Global PC shipments continue to fall, but Dell shows encouraging growth

midian182

Posts: 6,076   +50
Staff member

Two big research firms have released their regular reports showing the state of the global PC market this past quarter—and the news isn’t great. IDC’s more positive data shows YoY shipments completely flat, while Gartner says the industry has declined for the fourteenth quarter in a row.

Gartner has PC shipments falling 1.4 percent to 61.7 million units in Q1 2018. Out of the top six companies, it was only Asus and Acer that saw declines, but their drops were so high that they dragged the total into negative figures. A couple of bright spots came from Dell, which was up 6.5 percent, and an ‘others’ section that went up 6.6 percent.

Gartner notes that the top three vendors—HP, Lenovo, and Dell—accounted for 56.9 percent of all shipments. It’s thought that updates to Dell systems such as the excellent XPS 13 contributed to its impressive growth, as did the popularity of its Alienware gaming line.

HP continues to lead the pack, with Lenovo close behind. Apple, which had growth of 1.5 percent, sits above the two companies with negative growth. It’s worth noting that Gartner’s data includes desktops, notebooks, and ultramobile premiums (including Microsoft Surface) but not Chromebooks or iPads.

There are a few differences in IDC’s report, including the overall market being flat instead of in decline. The top three remain the same, though HP has higher growth and Lenovo is flat. But the most significant change is Apple, which IDC claims has seen its YoY shipments fall 4.8 percent. The ‘others’ section is also in negative figures—minus 3.9 percent.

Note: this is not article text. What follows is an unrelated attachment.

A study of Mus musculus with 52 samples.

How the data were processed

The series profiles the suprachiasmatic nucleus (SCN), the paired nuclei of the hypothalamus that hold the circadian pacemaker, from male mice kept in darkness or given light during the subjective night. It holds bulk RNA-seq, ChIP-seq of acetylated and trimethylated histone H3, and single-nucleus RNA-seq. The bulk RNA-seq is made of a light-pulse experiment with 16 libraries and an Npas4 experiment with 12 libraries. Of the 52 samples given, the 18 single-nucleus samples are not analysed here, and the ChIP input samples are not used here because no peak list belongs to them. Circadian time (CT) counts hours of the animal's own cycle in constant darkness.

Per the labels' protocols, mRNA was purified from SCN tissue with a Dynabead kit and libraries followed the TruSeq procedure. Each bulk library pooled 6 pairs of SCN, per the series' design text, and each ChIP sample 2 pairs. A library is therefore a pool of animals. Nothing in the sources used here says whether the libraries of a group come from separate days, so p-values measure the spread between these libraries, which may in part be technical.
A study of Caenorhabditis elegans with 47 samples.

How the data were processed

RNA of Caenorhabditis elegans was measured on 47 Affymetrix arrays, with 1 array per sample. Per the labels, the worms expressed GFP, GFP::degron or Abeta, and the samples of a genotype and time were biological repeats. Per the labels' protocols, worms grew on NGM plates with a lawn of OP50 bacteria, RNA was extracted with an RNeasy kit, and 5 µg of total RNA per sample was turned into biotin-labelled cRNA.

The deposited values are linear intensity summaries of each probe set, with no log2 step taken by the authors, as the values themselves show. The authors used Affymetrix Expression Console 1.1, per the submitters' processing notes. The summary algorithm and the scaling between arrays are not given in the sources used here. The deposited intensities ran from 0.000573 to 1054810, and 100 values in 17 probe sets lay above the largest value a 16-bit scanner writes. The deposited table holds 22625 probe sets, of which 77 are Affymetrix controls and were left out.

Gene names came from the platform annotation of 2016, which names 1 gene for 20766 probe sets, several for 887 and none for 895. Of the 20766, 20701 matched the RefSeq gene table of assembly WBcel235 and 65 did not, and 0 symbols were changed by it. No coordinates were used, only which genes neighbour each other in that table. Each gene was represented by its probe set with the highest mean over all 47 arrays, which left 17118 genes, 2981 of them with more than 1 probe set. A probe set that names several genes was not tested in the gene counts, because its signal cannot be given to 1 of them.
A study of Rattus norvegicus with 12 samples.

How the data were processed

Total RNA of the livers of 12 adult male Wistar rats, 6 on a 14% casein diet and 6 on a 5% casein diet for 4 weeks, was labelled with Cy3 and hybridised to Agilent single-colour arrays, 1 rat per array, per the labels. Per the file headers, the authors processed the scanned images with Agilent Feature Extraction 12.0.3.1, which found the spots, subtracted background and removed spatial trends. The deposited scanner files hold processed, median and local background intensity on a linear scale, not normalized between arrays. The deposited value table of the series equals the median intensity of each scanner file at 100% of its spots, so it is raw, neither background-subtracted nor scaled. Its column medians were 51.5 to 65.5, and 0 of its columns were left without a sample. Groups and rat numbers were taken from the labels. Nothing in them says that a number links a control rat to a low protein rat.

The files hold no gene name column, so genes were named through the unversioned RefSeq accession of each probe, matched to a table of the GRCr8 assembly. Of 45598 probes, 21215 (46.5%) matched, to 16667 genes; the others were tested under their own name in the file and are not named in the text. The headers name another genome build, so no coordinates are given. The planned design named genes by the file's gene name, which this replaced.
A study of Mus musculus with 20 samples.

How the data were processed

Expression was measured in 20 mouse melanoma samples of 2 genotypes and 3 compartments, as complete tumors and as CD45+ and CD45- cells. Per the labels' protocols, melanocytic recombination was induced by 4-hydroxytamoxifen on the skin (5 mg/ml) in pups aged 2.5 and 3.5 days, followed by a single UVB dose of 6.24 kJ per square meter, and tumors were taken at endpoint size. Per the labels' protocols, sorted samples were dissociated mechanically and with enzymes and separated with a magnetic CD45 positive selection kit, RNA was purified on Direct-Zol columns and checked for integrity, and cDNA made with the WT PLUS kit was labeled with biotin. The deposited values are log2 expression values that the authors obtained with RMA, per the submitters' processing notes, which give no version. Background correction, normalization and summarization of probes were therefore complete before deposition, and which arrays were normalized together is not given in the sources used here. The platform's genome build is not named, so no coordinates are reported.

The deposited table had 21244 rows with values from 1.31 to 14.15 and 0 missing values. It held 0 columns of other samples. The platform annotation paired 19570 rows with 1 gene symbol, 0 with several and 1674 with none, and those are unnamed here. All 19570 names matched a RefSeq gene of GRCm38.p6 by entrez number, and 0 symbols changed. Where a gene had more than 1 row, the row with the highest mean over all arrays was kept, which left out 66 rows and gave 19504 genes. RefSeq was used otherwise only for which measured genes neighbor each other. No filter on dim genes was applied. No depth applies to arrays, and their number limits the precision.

Analysts blame several factors on the declines. China was a major contributor: government agencies and big businesses have put off new purchases and upgrades following the National People’s Congress and the resulting new policies and reassignments. Unsurprisingly, component shortages and spiraling material prices also played a part.

“The component shortage that initially impacted portions of 2017 led some vendors to stock up inventory to avoid expected component price hikes, and that led to some concerns of excess stock that would be hard to digest in subsequent quarters,” said IDC research manager Jay Chou, in a statement. “However, the market is continuing on a resilient path that should see modest commercial momentum through 2020.”


Posts: 47   +40
This isn't particularly surprising.

The PC market has reached it's saturation limit a few years back already. There are only so many devices that are needed. Sales now are not really for expansion, apart from standard growth, but more for maintenance and replacement of old systems. It's not doom and gloom, it's normal. Once everyone has something, they don't need to purchase it again until there is sufficient value to doing so.
 

Posts: 4,074   +2,622
This isn't particularly surprising.

The PC market has reached it's saturation limit a few years back already. There are only so many devices that are needed. Sales now are not really for expansion, apart from standard growth, but more for maintenance and replacement of old systems. It's not doom and gloom, it's normal. Once everyone has something, they don't need to purchase it again until there is sufficient value to doing so.
The biggest reason is the hardware innovation and performance stagnation beyond the high end market and the very high prices of components.
There will never be "saturation" if we see good reasons to upgrade the hardware (be it from bigger software needs or important hardware advancements). Right now even at the lower end spectrum of the PC market performance is "good enough" (we are seeing the same trend with smartphones too).
 

pkroliko1

Posts: 18   +5
While I do think saturation is certainly part of it, I think Asus and Acer have worse products relative to the competition on a price to price basis. HP,Dell, and Lenovo tend to have some pretty nice laptops that you can get for under a $1000 and have built up at least somewhat of a name for themselves.
 

Posts: 164   +116
This was dangerously close to being yet another one of those "The PC is Dead" type of article. I find myself genuinely amused by just how many such articles have been written over the years. It's almost as if analysts have short memories.